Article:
Managing Risk during the “African Century”
Podcast: Play in new window | Download
Subscribe: Apple Podcasts | RSS
While Africa has emerged as one of the most robust economic regions in recent years, doing business in the region has historically carried substantial risk from a variety of factors.
The third panel, How to Invest and Manage Risk for U.S. Companies, was chaired by ASP Senior Adjunct Fellow and Principal of YCF Group Fadi Elsalameen. He was joined on the panel by Dante Disparte, ASP Consensus Member and Managing Director of Clements Worldwide, Dr. Barbara Samuels, Executive Director of Global Clearing House for Development Finance, Andrew Herscowitz, Power Africa and Trade Africa Coordinator – USAID, and John Moran, Vice President of Insurance – OPIC.
Disparte set the stage for the discussion by declaring that “this is the African century.” Disparte’s experience as the Managing Director for Land Rover in 32 countries in Sub-Saharan Africa has contributed to his understanding of the real risk and challenges of conducting business in Africa. He warned firms from using the “standard playbook” when it comes to managing risk in Africa and cautioned against overgeneralizing and solely relying on numbers and statistics to inform business decisions.
To approach risk which is by default heterogeneous in the African context with a homogeneous strategy to address risk is absolutely a failure.
Looking at risk and investment in Africa more broadly, Disparte noted that American security is directly connected to the growth and success of the economies of Africa.
If the U.S. through its institutions, through its government agencies, its entire apparatus doesn’t give American firms access to African opportunities our national security is at stake; our economic competitiveness is at stake.
Dr. Barbara Samuels also emphasized the connection between economic development and U.S. national security. One of the most difficult obstacles to development in Africa is the issue of energy access. This, Samuels said, is something that needs to be addressed in order to make any real progress on the ground.
In Tanzania, for example, approximately 80% of the population doesn’t have access to energy, so it is about working from the ground level up in order to be successful.
Power Africa is one of the initiatives that has been put forth by the Obama administration to double access to electricity in Sub-Saharan Africa as well as helping U.S. companies tap into African economies. Andrew Herscowitz laid out the mission of Power Africa:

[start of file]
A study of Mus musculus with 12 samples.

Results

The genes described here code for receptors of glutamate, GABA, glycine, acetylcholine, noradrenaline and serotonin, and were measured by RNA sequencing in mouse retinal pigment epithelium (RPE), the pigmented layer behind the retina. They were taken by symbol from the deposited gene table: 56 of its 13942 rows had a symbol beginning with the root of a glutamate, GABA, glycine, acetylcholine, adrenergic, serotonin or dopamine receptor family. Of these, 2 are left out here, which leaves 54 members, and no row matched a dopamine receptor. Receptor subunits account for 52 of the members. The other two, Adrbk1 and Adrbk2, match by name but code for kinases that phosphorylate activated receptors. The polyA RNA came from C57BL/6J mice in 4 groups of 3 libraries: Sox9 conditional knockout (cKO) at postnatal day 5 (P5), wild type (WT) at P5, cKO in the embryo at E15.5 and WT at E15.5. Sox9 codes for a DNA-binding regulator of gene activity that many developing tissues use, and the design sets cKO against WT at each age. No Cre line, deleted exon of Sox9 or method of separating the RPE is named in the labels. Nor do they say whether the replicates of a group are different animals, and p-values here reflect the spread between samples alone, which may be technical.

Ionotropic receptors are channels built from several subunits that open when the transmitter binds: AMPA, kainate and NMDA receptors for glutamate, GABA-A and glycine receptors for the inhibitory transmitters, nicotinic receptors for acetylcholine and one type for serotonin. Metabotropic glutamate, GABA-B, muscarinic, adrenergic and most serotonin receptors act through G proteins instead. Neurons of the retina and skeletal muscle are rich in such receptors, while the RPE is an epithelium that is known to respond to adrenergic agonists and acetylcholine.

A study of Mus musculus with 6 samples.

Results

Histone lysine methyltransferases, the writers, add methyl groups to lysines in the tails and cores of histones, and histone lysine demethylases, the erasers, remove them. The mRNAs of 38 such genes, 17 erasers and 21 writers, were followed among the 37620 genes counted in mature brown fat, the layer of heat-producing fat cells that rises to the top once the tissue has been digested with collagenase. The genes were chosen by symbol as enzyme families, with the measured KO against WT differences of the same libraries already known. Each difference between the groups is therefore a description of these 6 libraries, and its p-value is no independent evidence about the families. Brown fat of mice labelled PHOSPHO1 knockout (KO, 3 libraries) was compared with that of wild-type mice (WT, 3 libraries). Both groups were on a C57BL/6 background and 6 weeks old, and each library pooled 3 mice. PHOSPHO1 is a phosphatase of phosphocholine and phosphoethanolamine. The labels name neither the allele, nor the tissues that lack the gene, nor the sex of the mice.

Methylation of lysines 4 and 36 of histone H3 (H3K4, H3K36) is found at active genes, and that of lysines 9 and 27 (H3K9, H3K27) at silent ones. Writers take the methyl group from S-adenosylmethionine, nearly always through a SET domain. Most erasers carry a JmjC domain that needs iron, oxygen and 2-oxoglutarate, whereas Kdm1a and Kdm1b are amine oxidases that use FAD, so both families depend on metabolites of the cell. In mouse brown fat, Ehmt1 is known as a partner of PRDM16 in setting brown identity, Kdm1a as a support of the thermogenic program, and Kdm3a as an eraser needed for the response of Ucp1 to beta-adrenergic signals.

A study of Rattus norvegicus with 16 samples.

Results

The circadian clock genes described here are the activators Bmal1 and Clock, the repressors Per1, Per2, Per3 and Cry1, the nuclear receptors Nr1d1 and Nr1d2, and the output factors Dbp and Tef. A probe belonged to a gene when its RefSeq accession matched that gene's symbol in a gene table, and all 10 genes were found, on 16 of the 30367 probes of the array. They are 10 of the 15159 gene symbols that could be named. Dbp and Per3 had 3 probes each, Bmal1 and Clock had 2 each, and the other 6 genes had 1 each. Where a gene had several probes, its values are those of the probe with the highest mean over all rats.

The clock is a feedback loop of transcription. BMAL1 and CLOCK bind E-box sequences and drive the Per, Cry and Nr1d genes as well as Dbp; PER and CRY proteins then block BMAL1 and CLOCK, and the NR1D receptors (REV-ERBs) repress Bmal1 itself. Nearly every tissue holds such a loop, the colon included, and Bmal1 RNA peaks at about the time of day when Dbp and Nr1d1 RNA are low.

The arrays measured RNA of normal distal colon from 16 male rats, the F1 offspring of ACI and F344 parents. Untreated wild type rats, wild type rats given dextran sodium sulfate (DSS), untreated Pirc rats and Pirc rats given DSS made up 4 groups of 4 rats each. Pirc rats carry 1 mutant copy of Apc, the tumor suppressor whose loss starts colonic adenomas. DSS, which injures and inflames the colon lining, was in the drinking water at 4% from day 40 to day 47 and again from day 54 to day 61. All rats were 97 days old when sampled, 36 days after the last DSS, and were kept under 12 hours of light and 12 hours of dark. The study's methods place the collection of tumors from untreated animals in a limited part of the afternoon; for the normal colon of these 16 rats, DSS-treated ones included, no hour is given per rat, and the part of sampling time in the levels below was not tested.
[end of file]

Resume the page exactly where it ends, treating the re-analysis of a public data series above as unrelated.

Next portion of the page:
This is about partnership…This is about demonstrating that these are good countries in which to invest and looking at how we can bridge those market imperfections that are preventing the investments from happening.
John Moran of OPIC which works with Power Africa to support privately managed equity funds echoed Herscowitz’s remarks:
We want to get attractive projects done and also work with policy initiatives and working with the U.S. government to reformat and refine an appropriate legal and regulatory environment to get capital flowing.
One of the chief concerns for anyone conducting business in Africa is dealing with a variety of security situations, including piracy in East Africa. Fadi Elsalameen, whose firm manages the Liberian ship registry and deals with the threat piracy on a daily basis, acknowledged the seriousness of this issue and sub-state threats. He also declared that this is the nature of business in the region but piracy must be seen in a larger societal context.
Piracy is a very serious issue around Somalia but the issue is much deeper than just a bunch of pirates waiting on a ship to show up, it’s a very complicated issue related to different ports but to give a simple answer, yes, it is a very serious issue to us.
The most important aspect of piracy, as Disparte pointed out, is dealing with the root causes of the problem.
The long term solution will be derived when you have developmental solutions that stop people from Somalia and the rest of the countries that have deep developmental challenges from going to the water looking for hope.
The consensus among the panelists was that risk is a part of doing business in any part of the world and Africa is no different. From the U.S. government and Power Africa’s side, there needs to be proper coordination between donors, foreign companies and host nations. This is at the core of Power Africa, an “interagency one-stop shop” for companies who want to do business in Africa. Rather than just focusing on extracting resources, all agreed that U.S. companies are better served when the local capacity in these countries is increased. Forming the right partnerships is key to this.
Disparte wrapped up the conference with encouragement for those who care about Africa and strengthening American security and investment in the continent.
There is direct correlation to American interests and national security in terms of how we deploy capital and investments… There is also a risk in doing nothing. Sitting on the sidelines and letting firms from China and other countries tap into the African growth narrative is at our own expense. It’s all correlated.